After being caught with similar violations last weekend at Daytona International Speedway, the teams of drivers Tony Stewart and Austin Dillon were penalized Tuesday.

Inspections revealed that the teams had used cooling hoses inside their cars’ cockpits incorrectly, possibly for aerodynamic advantages.

Stewart was penalized with the loss of six driver and team owner points. Steve Addington, his crew chief, was fined $25,000 and placed on probation until Aug. 22. Car chief Jeff Meendering also was placed on probation until Aug. 22.

Stewart-Haas Racing competition director Greg Zipadelli said there was no intent to circumvent rules.

“While we respect and accept NASCAR’s decision, we want to be clear that there was no malicious intent,” he said in a statement released by the team. “In a rush to replace a cracked rear windshield that happened during tech inspection prior to qualifying, we jostled a cooling hose that was behind the seat. We understand NASCAR’s position and will abide by its decision.”

Stewart’s qualifying time was disallowed, and he started Saturday’s Coke Zero 400 from the rear of the field as a penalty. He climbed through the field and won the race.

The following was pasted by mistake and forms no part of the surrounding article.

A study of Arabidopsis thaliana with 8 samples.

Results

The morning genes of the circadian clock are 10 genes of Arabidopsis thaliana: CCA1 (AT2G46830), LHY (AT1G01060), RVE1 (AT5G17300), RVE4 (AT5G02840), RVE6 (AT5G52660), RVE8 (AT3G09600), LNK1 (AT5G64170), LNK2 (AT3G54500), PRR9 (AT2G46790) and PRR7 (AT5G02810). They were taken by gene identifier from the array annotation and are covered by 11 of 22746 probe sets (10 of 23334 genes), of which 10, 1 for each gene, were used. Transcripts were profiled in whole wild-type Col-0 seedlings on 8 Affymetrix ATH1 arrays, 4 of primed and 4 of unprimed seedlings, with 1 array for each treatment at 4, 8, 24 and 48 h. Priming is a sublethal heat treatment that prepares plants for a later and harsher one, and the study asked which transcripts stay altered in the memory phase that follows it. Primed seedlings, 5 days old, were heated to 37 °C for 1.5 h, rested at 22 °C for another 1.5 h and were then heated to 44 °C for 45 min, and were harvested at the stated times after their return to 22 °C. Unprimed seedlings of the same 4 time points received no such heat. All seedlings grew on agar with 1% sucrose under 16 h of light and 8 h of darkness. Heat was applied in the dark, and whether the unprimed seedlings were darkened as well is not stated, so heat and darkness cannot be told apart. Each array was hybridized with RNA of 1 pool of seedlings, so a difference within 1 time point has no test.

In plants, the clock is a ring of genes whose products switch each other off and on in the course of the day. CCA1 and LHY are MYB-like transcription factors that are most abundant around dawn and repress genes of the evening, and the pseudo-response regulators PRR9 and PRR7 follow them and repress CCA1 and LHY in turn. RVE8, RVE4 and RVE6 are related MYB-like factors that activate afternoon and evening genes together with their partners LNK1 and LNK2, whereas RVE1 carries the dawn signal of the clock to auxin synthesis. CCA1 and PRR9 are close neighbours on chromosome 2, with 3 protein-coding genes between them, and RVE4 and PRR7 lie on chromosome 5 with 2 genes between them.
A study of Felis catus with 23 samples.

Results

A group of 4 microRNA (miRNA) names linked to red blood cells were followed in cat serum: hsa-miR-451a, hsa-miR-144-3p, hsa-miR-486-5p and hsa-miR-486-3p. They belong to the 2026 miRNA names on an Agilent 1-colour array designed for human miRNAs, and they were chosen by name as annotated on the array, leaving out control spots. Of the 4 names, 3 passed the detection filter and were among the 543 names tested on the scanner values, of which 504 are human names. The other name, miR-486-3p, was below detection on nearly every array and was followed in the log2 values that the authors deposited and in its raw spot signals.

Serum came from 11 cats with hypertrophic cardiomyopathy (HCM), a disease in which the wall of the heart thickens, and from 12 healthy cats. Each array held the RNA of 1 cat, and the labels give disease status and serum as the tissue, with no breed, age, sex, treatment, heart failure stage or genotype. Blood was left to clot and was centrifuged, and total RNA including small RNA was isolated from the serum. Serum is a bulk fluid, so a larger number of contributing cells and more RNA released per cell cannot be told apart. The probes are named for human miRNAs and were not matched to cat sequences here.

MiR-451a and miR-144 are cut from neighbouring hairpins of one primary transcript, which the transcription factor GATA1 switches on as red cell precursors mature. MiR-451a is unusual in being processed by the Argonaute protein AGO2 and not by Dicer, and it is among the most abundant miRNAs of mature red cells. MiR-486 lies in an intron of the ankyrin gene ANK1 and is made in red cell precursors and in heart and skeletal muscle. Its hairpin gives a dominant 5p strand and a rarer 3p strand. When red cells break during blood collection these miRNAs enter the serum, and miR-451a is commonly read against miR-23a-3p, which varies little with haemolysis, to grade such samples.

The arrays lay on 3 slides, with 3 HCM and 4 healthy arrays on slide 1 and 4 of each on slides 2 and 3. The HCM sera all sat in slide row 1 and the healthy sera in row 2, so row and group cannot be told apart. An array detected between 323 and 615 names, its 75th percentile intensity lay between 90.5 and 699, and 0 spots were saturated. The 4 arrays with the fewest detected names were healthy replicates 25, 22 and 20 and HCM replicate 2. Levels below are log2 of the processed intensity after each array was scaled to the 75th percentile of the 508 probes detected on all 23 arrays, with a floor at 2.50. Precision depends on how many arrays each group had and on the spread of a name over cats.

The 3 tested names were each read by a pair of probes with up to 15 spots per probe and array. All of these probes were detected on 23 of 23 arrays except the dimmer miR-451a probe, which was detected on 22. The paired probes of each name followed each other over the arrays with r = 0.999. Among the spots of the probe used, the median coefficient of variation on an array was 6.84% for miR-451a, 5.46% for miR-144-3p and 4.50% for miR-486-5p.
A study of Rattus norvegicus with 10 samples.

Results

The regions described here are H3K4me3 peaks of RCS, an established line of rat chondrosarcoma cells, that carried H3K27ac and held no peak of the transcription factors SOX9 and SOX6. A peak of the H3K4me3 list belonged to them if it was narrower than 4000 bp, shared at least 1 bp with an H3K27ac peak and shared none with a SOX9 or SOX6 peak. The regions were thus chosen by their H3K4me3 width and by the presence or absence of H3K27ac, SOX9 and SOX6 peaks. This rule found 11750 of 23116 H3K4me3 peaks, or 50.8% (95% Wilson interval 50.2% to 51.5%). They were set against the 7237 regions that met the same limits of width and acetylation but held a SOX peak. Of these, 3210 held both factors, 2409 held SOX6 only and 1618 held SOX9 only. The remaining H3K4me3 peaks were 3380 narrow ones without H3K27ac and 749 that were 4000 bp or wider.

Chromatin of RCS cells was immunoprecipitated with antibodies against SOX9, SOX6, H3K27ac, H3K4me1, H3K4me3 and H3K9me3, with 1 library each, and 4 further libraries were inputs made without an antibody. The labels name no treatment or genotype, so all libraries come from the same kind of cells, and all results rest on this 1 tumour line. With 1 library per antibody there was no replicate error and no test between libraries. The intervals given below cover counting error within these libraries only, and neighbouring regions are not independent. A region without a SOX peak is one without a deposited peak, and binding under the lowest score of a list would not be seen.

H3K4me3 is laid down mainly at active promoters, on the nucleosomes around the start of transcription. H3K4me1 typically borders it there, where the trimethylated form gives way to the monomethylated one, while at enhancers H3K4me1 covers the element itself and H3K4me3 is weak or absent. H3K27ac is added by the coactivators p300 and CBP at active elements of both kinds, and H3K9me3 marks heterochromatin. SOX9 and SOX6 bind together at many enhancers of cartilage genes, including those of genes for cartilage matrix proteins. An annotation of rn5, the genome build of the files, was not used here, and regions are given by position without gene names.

Dillon’s Richard Childress Racing Nationwide Series team was hit with a heavier penalty, largely because crew chief Danny Stockman already was on probation. He was suspended from NASCAR competition until July 25 and fined $10,000. Car chief Robert Strmiski also was suspended. Stockman and Strmiski were on probation for recent rules violations at Richmond International Raceway.

The team lost six driver and six team owner points in the series standings.

Additionally, the No. 18 team in the Nationwide Series was penalized after its car failed to meet minimum front end heights at Daytona. Crew chief Adam Stevens was fined $10,000 and placed on probation until Aug. 22, and car chief Christopher Landis was placed on probation until Aug. 22. Car owner Joe Gibbs was penalized six owner points.

Mike Hembree is NASCAR Editor for SPEED.com and has been covering motorsports for 30 years. He is a six-time winner of the National Motorsports Press Association Writer of the Year Award.